January 2nd, 2013
07:02 PM ET

Amid confusion, Clinton released from hospital

By Jill Dougherty

Secretary of State Hillary Clinton was discharged from a New York hospital on Wednesday, three days after she was admitted for treatment of a blood clot in a vein between her skull and brain, the State Department announced.

"Her medical team advised her that she is making good progress on all fronts, and they are confident she will make a full recovery," Clinton spokesman Philippe Reines said in a statement announcing her release.

Clinton walked out of New York Presbyterian Hospital accompanied by her husband, former President Bill Clinton, and daughter, Chelsea, for a brief period Wednesday afternoon. She had been admitted Sunday, after doctors found the clot during a medical test related to a concussion she suffered in December.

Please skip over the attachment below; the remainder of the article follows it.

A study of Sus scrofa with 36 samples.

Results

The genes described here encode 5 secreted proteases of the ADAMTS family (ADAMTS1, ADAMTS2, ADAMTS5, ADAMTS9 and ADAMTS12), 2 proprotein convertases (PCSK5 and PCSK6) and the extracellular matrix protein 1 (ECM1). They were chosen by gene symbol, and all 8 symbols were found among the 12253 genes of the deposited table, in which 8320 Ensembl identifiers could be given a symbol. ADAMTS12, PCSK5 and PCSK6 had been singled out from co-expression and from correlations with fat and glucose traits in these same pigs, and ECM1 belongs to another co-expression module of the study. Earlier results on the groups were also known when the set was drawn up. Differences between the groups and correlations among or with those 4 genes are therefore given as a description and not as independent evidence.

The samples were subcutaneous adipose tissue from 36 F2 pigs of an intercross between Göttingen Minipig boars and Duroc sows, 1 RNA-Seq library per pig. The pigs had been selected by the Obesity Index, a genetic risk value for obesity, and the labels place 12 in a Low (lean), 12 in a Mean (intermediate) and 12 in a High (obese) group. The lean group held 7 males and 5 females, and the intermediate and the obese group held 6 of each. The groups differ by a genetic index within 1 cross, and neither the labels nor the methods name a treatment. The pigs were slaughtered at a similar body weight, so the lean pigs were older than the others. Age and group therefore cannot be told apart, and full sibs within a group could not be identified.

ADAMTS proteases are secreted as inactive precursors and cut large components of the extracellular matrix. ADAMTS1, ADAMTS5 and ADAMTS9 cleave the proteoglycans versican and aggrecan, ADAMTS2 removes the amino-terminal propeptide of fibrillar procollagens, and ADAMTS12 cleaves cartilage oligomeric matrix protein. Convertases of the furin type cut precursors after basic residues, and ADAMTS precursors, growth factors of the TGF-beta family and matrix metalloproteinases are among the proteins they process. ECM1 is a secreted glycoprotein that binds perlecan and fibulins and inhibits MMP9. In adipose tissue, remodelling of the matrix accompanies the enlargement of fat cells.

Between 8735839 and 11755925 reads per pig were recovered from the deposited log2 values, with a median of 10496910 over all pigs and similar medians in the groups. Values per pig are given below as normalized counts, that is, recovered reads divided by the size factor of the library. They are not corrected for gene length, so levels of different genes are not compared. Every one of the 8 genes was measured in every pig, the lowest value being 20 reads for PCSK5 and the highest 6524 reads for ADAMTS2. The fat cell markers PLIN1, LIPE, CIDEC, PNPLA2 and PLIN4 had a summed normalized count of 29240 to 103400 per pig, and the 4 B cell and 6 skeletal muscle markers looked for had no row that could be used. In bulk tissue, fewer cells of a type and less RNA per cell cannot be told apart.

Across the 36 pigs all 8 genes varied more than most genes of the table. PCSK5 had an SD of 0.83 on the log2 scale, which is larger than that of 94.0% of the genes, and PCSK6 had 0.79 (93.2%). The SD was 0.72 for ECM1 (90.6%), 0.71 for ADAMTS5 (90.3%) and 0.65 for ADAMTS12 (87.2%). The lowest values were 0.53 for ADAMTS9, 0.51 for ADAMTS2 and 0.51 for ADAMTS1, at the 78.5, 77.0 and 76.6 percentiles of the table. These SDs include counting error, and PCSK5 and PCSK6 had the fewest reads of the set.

The secretary is being treated with blood thinners to dissolve the clot, which has not resulted in a stroke or any neurological damage. Doctors expect her to make a full recovery.

Tax deal delays Pentagon notification of possible furloughs
January 2nd, 2013
12:31 PM ET

Tax deal delays Pentagon notification of possible furloughs

By Chris Lawrence

The Pentagon has delayed plans to notify up to 800,000 civilian workers about possible furloughs now that any big spending cuts under the fiscal cliff have been averted.

The tax deal negotiated by the Senate and the White House and approved by Congress on Tuesday would defer substantial cuts in domestic spending, or sequester, for two months.

The Pentagon faced up to $500 billion in spending reductions under congressional plans for the automatic spending cuts.

In a prepared statement, Defense Secretary Leon Panetta said the deal buys time for lawmakers to come up with a deficit reduction plan that prevents devastating and arbitrary cuts. "Had Congress not acted, the Department of Defense - along with other federal agencies –would have been forced to begin taking dramatic steps that would have severely impacted our civilian personnel and disrupted our mission," Panetta said Wednesday.

While they caught a break this time, defense officials say compressing the timetable could present another challenge if those cuts eventually become law.